Powerful Earthquakes in Italy Kill Dozens and Shatter Towns
AMATRICE, Italy — Strong earthquakes struck a mountainous stretch of central Italy early Wednesday, killing at least 38 people, trapping scores under debris and setting off tremors that awakened residents in Rome, nearly 100 miles to the southwest.
The first, a 6.2-magnitude earthquake, struck at 3:36 a.m., followed by a 5.5-magnitude temblor at 4:33 a.m., both near the town of Norcia in the Umbria region. Over a three-hour period, about 40 quakes shook the region.
The death toll on Wednesday, reported by the Italian news media, was almost certain to rise, given that scores of people remained unaccounted for. The authorities said the first quake was comparable in intensity to a 2009 earthquake in the Abruzzo region of central Italy that killed more than 300 people.
Towns across three regions — Umbria, Lazio and Marche — were devastated by the quakes, which could be felt as far away as Bologna in the north and Naples in the south. The towns of Accumoli, Amatrice, Arquata del Tronto and Pescara del Tronto were reported to be among the most heavily damaged.
“Half the town no longer exists,” said the mayor of Amatrice, Sergio Pirozzi, who added that rescue teams were digging through the rubble, “hoping that most people were alive.” The historic center of the town, with buildings dating to the Middle Ages, had been destroyed.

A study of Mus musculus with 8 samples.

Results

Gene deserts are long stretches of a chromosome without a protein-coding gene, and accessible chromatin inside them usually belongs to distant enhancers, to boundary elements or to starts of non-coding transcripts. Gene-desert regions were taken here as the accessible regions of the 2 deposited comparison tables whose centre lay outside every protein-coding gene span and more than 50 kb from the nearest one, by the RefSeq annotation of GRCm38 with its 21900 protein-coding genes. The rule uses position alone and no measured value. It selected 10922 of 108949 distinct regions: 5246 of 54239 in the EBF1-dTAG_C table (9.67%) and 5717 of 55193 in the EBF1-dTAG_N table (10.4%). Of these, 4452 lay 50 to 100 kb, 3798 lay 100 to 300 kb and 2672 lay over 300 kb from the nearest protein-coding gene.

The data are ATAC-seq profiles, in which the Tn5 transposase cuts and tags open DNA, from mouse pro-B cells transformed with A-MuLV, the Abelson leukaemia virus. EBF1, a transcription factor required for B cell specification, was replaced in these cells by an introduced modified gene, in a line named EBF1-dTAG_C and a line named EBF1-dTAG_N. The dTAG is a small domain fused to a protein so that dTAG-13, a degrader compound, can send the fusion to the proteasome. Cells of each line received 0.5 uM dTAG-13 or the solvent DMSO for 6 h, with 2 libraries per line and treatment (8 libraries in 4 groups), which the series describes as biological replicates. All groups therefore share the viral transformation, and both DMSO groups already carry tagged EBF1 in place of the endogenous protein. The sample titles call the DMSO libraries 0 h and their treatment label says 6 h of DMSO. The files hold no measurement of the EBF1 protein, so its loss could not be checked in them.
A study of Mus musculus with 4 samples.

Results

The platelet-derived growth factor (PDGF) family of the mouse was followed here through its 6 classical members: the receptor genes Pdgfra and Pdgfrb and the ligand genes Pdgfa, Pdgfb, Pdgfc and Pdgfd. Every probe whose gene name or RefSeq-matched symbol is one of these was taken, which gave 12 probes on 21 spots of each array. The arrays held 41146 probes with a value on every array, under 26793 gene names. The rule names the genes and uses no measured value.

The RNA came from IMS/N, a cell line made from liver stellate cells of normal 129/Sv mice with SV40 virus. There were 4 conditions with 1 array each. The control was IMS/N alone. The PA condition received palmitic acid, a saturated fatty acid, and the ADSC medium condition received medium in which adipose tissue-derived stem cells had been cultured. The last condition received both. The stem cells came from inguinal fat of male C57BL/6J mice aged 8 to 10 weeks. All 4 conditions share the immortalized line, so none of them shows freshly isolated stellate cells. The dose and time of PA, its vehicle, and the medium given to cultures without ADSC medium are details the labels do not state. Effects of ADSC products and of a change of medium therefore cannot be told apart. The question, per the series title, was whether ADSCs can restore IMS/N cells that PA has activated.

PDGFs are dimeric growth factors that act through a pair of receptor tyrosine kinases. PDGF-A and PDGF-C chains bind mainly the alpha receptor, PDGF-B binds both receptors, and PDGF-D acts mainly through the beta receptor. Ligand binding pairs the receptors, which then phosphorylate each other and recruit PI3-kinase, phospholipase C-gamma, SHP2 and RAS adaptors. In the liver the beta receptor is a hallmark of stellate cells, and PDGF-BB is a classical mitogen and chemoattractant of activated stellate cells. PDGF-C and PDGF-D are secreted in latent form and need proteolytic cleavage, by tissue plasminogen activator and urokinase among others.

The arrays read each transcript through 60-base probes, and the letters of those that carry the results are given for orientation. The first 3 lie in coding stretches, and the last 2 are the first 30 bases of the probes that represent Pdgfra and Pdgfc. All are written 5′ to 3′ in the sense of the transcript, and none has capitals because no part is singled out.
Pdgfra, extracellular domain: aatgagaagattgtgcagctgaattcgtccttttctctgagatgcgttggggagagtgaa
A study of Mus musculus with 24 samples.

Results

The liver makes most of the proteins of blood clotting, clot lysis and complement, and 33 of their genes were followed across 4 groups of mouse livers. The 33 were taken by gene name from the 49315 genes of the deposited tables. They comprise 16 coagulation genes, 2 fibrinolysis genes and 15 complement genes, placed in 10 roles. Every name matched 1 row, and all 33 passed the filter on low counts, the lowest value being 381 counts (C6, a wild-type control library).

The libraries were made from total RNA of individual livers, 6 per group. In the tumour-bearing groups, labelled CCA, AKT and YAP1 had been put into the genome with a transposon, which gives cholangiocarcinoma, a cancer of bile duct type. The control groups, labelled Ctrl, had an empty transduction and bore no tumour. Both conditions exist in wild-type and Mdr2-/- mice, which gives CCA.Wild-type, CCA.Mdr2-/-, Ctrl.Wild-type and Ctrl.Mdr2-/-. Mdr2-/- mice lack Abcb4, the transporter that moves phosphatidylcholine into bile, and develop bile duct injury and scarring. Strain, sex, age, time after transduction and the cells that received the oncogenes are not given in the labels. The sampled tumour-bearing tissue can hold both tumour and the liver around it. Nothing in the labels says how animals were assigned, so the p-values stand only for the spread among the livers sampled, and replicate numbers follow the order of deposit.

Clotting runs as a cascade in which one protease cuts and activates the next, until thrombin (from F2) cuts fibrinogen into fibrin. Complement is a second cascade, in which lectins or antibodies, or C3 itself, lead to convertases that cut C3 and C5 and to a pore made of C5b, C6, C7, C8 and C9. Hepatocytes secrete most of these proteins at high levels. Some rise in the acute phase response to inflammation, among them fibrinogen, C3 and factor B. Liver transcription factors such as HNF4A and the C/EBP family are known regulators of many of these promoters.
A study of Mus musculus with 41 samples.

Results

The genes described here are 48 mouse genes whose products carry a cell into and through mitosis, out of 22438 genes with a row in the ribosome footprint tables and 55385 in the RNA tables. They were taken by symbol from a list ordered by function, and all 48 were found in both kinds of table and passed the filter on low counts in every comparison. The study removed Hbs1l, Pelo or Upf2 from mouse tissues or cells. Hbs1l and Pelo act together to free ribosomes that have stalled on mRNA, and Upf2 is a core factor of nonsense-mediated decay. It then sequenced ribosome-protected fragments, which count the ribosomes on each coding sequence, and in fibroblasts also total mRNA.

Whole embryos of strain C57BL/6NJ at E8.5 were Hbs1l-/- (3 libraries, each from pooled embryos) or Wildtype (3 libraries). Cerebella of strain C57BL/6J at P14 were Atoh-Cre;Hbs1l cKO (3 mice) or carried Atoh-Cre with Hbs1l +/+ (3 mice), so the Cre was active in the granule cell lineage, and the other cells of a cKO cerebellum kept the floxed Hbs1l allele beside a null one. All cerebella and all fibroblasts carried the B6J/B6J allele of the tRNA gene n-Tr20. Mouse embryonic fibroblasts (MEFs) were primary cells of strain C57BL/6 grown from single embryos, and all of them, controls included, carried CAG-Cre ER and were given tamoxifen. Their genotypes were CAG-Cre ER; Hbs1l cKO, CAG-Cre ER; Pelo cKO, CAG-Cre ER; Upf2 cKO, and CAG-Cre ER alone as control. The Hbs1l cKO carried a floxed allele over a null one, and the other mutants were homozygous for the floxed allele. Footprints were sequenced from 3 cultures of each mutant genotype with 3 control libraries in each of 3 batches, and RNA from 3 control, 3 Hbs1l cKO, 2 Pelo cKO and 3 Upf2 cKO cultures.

“The problem is removing people from under the rubble,” he said. Asked how many people he thought were still trapped or dead underneath debris, he said, “many, many.”
Mr. Pirozzi added that Amatrice had been cut off because of damage to roads and a bridge, and in a live television broadcast, he appealed for assistance.
Prime Minister Matteo Renzi, in brief remarks from Rome, said he would head toward the epicenter of the quake later on Wednesday. He thanked rescue workers and volunteers who had dug through debris, some with their bare hands, to reach trapped people, and he said the nation had rallied to help. “No family, no city, no hamlet will be left alone,” he said.
Expressions of solidarity and offers of help poured in from France, Germany, Israel and other countries, as well as from the European Commission.
Ambulances raced back and forth on one of the main roads to Amatrice, where a courtyard in a still-standing palazzo had been turned into an impromptu morgue.